A Stranger's Grasp This work has been published in the Teen Ink monthly print magazine.


***

It was another normal school day, and Dustin's voice rang over the speakers with the daily announcements and weather forecast. "Today is going to be a beautiful sunny September 11, followed by a ... well, a very dark night," he said. A chuckle passed around the classroom as we realized Dustin forgot to check the forecast.

After second period, a crowd formed around the television. I pushed my way through to see what had happened, but all I could see was a plane crash. I stopped trying to hear the details and went to class. There, I learned that two planes had hit the World Trade Center towers.

***

I try to keep my hands from shaking as I picture the scene again. I feel the stranger's hand struggling to steady my tremor. He has an understanding of how I feel, and reassures me with his hand that he is seeing the same images flash before him - two seemingly indestructible towers with black smoke billowing out of their sides. Then, the towers crumbling to the ground, turning to dust.

***

My mother came to pick me up from school, and as I sat in the car my hands began to shake. I was shivering as if I were cold, but my temperature was normal. My body tensed as we listened to the news. My mother turned and gazed at me with a look of grief and compassion. She informed me that my best friend's father, who worked in Tower Two, hadn't been heard from. The tension and shaking increased as I tried to understand the meaning of these words.

We rushed to my friend Liz's house. We held back tears, trying to find a glimmer of hope. At about one o'clock in the morning, I began to give up hope, but tried to hide this from the others.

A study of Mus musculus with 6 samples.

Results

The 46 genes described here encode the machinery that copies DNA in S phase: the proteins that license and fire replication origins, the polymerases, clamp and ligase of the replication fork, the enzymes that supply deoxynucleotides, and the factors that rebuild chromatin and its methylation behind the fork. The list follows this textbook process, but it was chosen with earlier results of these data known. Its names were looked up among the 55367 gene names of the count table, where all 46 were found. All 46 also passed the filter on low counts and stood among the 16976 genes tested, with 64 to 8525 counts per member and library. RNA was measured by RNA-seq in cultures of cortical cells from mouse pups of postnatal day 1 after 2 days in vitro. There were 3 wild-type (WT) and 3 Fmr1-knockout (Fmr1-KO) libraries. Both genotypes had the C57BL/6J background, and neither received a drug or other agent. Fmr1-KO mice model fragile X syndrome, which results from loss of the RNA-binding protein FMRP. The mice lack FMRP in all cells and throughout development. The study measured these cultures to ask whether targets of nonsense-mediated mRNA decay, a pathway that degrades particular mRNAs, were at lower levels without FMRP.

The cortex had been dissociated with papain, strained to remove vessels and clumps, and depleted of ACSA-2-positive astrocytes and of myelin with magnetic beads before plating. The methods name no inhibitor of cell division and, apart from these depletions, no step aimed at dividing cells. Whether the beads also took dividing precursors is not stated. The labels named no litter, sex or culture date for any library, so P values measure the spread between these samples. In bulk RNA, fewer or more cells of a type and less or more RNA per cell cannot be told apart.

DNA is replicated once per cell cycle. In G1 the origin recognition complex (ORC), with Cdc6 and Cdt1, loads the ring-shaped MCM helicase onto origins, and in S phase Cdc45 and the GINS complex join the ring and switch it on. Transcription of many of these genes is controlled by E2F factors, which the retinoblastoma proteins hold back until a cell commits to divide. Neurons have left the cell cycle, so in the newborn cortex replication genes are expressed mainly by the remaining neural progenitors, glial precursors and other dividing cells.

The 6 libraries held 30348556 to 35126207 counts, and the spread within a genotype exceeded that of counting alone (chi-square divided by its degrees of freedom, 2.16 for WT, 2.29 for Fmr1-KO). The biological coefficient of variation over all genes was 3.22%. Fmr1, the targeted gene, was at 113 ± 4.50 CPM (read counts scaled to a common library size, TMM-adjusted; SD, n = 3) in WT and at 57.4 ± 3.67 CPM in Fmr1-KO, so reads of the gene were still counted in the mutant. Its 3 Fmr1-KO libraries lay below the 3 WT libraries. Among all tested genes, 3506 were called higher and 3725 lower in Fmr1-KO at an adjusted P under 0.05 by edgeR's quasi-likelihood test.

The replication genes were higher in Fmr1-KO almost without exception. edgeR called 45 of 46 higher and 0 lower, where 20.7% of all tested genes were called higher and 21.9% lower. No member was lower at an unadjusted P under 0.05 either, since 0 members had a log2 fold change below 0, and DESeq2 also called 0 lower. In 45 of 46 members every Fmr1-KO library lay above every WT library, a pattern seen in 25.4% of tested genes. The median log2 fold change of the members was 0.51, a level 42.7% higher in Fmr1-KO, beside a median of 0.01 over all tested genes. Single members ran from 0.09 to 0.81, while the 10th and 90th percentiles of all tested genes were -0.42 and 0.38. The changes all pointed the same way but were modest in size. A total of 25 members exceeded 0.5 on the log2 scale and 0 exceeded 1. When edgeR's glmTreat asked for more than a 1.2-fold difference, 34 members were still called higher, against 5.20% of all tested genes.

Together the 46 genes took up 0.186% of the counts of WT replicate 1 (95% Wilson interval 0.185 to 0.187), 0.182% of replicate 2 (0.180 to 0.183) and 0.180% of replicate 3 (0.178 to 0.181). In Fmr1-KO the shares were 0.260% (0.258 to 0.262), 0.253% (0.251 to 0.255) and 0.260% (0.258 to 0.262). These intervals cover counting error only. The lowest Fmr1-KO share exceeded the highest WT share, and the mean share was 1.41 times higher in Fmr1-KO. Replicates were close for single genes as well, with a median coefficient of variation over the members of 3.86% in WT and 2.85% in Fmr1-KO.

From that night the image that comes to mind is the phone pressed against my mother's ear as she repeatedly called hotlines. I remember watching television and reporting what was happening, so Liz was able to distance herself. I remember not being able to hide my intense fear, and longing to know what was happening to the world while also wanting a moment alone.

I walked outside to detach myself from the lighthearted distractions inside, and was struck by the magnificent sky. The usual dark sky was cluttered with vibrant yellows and whites. Thousands of stars crowded one another. Right then, I knew

Danny wasn't coming home.

***

The shaking has not ceased; these memories linger so vividly, and the stranger continues to hold my hand. The stars that night had seemed to represent the brightness of every victim's life. I haven't noticed the stars since that day, but one shining star seems to linger over Liz's house. A week after the attacks, Danny's family came to the same conclusion I had that night. His memorial service and wake were attended by hundreds. I can still see Danny's relatives and friends gathered in my backyard for the reception, memorializing the tragic loss of such a larger-than-life figure.

***

Voices come over the loud speaker once again, concluding our moments of silence, our moments of memories. Hands loosen and I am released by the friend on my right and the not-so-strange stranger on my left. In those few moments, the grasp between the stranger and myself was filled with a feeling of togetherness. It felt like I had always known him. On that day, a whole year later, Danny was there. Danny was in the grasp of that stranger's hand, helping me never to forget that day, and to keep him in memory forever.

This work has been published in the Teen Ink monthly print magazine. This piece has been published in Teen Ink’s monthly print magazine.